IFED and IFB investigation catches London-based ghost broker
A London-based ghost broker has been sentenced to 21 months in prison for a fraud involving more than £39,000 of fake claims against 25 insurers.
Hojjat Nickhoo, 32, of Derby Road, Enfield was handed the sentence, suspended for two years, at the Old Bailey yesterday (18 August) after pleading guilty to conspiracy to defraud in July.
He took out fraudulent motor policies and then staging or inventing collisions to submit fraudulent injury claims against the policies.
He was caught following a joint investigation by the City of London Police’s Insurance Fraud Enforcement Department (IFED) and the Insurance Fraud Bureau (IFB).
Policies for friends
Between October 2010 and April 2012, Nickhoo took out policies on behalf of friends and acquaintances, charging them between £80 and £100, despite not being authorised as a broker. He would often provide false and incorrect details for the policies.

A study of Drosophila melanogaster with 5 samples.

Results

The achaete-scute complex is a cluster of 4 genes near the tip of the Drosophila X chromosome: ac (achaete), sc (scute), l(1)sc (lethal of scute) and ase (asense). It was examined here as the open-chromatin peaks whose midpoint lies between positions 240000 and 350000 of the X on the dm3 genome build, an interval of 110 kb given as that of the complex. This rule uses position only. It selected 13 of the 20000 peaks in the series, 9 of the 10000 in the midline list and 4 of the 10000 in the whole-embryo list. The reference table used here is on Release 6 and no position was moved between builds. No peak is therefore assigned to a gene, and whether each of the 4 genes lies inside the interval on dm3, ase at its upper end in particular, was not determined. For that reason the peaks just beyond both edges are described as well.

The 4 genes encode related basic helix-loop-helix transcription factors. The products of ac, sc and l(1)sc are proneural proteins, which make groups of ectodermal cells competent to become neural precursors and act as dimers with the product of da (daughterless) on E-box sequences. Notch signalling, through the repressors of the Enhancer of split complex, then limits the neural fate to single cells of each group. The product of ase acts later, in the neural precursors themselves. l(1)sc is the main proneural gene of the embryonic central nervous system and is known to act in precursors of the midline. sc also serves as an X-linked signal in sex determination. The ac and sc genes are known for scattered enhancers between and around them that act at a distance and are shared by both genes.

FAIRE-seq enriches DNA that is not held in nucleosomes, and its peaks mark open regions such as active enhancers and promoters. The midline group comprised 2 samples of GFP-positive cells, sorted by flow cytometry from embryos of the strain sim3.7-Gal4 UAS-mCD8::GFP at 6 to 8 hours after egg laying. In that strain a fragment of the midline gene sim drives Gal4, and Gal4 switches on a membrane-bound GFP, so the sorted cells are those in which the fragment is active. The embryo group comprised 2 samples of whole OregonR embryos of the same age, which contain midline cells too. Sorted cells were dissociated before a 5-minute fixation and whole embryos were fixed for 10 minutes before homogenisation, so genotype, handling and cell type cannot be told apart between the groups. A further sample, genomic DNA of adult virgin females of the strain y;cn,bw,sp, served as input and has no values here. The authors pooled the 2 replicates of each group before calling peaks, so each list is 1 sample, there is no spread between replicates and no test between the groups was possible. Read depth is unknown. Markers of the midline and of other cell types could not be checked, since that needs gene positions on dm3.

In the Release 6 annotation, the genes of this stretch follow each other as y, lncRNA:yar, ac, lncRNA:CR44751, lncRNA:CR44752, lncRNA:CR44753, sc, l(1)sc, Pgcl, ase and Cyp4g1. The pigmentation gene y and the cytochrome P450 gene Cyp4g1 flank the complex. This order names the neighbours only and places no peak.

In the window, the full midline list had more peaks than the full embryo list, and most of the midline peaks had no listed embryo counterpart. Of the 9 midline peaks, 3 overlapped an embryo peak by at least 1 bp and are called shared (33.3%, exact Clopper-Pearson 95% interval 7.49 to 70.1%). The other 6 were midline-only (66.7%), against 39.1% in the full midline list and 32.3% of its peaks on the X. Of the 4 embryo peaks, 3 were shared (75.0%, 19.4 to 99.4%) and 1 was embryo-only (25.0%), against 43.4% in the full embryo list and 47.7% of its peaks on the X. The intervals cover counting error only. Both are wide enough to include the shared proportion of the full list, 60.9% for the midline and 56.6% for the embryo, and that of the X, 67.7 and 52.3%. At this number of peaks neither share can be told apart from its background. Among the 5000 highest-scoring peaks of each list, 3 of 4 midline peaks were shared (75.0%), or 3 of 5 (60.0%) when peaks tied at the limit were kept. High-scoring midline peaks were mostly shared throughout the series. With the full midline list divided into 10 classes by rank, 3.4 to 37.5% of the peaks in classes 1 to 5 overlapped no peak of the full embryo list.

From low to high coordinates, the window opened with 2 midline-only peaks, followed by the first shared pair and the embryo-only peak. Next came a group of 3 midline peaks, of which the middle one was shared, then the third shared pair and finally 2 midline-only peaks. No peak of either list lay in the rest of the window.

He then invented accidents and claimed he or others were injured in collisions involving some of the vehicles he had helped to get insured.
None of the injury claims were paid out, but officers calculated that Nickhoo has submitted more than £39,000 of attempted claims.
The case was flagged to IFED officers after intelligence analysts at the Insurance Fraud Bureau (IFB) identified a number of suspected fraudulent motor insurance claims against 25 different insurers that all had links back to Nickhoo.
Nickhoo was arrested by IFED detectives in December 2015 and admitted acting as an unauthorised insurance broker, although he initially denied that he was involved in making false claims.
IFED’s detective constable Daryl Fryatt, who investigated the case, said: “Working with the Insurance Fraud Bureau, we were able to link together what were seemingly random claims across various insurers and show how Nickhoo was attempting to commit fraud.
“Anyone who thinks submitting fraudulent claims to insurers is a way to make easy money is sorely mistaken and the work that insurers, the IFB and we do here in IFED means that more and more fraudsters are being identified and brought to justice.”
IFB director Ben Fletcher added: “This sentencing sends a clear message to fraudsters that the insurance industry is committed to tackling fraud.”